Texting, social media, games, photography, shopping – there’s not much we don’t do on our phones these days, and that includes personal finance.
Online banking, retail payments and even taking out a loan have become routine exercises in mobile technology.
And while sometimes this technology enables our bad financial habits, it can also help us understand those habits. Through personal finance apps, we can now track, analyze and find ways to improve our financial behavior. And there are no shortage of these types of apps to select from, but some may be deemed more useful than others. Here’s a few personal finance apps to help you become a savvier spender.
Before you can make significant changes to your financial habits, you have to understand those habits. That’s where Wally excels. This personal finance app is a straight-forward, simple spending app that allows you to scan receipts and add notes to purchases. These notes encourage you to record and think about what you’re spending money on. Wally also breaks spending into categories and days, so you can further analyze your spending habits. Once you’ve laid the groundwork for financial literacy, you can start taking action.
One of the most common financial problems is the inability to save money. Digit is an app that takes the lead when it comes to putting money away. The app connects to your bank account, analyzing the frequency and cost of your spending. It then determines how much you can afford to put away. But Digit doesn’t just make a recommendation. It automatically transfers that money into a Digit savings account. Before you know it, you could have a nice rainy-day fund without even noticing.
There are plenty of personal finance apps that you can connect to your bank account, but what about your credit card account? Wallaby does it all, connecting to any of your accounts while notifying you when to pump the brakes on spending. Another great feature of Wallaby is that it lets you know which credit card provides the best rewards, depending on where you’re shopping. If one of your cards provides cash back on groceries, it will let you know when using the app at a supermarket.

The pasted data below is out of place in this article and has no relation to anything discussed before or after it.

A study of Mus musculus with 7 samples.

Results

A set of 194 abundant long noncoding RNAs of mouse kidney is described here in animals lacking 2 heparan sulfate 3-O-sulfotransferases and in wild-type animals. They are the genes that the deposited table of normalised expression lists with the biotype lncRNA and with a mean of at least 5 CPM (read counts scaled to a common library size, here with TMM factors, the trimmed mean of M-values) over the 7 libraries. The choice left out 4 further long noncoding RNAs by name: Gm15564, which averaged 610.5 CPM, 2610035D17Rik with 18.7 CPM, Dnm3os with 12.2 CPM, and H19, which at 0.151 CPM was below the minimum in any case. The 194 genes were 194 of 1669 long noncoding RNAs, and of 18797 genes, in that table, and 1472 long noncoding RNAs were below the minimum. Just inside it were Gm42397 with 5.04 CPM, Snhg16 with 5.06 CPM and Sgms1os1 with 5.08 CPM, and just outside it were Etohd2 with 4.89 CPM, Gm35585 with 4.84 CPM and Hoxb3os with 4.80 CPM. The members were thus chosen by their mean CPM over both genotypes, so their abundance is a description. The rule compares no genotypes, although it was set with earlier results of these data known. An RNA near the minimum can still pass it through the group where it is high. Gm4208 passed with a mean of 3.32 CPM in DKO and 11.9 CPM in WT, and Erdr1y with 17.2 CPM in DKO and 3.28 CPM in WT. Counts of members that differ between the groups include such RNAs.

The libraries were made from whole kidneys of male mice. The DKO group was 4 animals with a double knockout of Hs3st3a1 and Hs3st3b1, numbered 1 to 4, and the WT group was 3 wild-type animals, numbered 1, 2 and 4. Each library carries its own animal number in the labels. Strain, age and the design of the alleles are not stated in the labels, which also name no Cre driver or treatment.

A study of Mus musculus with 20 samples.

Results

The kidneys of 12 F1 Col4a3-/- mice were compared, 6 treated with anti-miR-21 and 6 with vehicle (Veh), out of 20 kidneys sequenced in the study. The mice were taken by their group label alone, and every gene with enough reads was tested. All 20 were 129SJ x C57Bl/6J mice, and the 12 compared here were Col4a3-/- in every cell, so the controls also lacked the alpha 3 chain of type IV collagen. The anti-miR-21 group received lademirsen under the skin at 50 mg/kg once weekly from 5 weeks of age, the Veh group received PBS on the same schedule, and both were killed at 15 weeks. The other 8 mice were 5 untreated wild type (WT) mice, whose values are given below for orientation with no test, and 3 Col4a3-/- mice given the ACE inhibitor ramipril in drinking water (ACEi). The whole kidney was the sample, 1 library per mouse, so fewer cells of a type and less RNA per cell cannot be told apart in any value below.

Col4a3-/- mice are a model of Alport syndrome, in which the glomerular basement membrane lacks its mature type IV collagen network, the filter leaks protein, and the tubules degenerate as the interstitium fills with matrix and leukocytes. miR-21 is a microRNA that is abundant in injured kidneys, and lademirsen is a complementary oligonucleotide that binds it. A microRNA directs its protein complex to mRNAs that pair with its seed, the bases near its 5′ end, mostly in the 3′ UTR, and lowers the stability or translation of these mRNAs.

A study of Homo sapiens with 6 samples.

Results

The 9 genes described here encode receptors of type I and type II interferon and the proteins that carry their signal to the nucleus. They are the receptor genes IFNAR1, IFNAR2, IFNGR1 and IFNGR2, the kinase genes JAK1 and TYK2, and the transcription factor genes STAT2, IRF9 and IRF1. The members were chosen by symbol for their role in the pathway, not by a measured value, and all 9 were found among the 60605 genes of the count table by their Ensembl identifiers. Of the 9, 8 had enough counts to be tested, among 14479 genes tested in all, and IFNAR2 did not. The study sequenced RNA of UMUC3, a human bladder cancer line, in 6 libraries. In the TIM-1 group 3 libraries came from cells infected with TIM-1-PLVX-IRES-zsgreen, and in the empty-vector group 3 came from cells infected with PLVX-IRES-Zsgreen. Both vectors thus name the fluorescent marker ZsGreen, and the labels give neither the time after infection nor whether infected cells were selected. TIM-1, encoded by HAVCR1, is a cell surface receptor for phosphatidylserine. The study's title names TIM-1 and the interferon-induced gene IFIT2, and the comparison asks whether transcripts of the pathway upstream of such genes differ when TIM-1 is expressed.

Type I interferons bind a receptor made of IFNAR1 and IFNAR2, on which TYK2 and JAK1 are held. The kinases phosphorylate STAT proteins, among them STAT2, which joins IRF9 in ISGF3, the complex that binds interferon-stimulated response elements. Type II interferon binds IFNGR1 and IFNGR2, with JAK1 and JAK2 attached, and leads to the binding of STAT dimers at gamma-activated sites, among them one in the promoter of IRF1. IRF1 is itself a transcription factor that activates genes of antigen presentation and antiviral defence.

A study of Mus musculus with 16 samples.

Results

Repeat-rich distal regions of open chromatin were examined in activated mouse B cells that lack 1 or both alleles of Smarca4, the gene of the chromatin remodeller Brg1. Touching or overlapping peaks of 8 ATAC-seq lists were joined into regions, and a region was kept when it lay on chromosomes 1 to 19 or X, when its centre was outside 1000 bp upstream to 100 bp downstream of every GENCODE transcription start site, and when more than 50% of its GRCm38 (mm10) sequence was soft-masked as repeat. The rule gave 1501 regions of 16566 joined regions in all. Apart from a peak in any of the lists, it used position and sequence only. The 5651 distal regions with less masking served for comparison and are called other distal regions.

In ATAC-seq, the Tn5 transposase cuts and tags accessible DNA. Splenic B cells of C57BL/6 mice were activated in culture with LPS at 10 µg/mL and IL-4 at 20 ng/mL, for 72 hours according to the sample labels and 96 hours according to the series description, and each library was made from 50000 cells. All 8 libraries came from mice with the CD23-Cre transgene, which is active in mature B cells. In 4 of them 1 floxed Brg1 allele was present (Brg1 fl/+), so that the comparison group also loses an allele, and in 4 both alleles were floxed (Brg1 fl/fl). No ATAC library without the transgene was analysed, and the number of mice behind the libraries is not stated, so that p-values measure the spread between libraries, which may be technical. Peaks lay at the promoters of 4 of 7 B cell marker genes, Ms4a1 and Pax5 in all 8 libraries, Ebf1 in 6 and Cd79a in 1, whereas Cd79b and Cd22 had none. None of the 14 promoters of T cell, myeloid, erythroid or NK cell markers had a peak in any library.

Sometimes all the graphs and numbers on a smaller screen can be overwhelming and difficult to process. Level Money is one of the best personal finance apps for cutting through all of the flashy features and getting down to business. It first calculates your income and recurring expenses. Then it tells you how much you can spend each day, week and month while updating in real time. It’s really that simple.
One old-school financial strategy used envelopes to categorize expenses, savings and spending money. The idea was that if you didn’t view the cash as one lump sum, you’d be more organized and spend less. But with fewer people using cash for payment, Mvelopes is picking up where envelopes left off. This app is an all-in-one budget tool that is linked to your bank account. It separates all of your expenses into separate categories, and allows you to set up savings goals and custom budgets. This app is geared toward those that are already responsible with their money but are looking for a digital solution.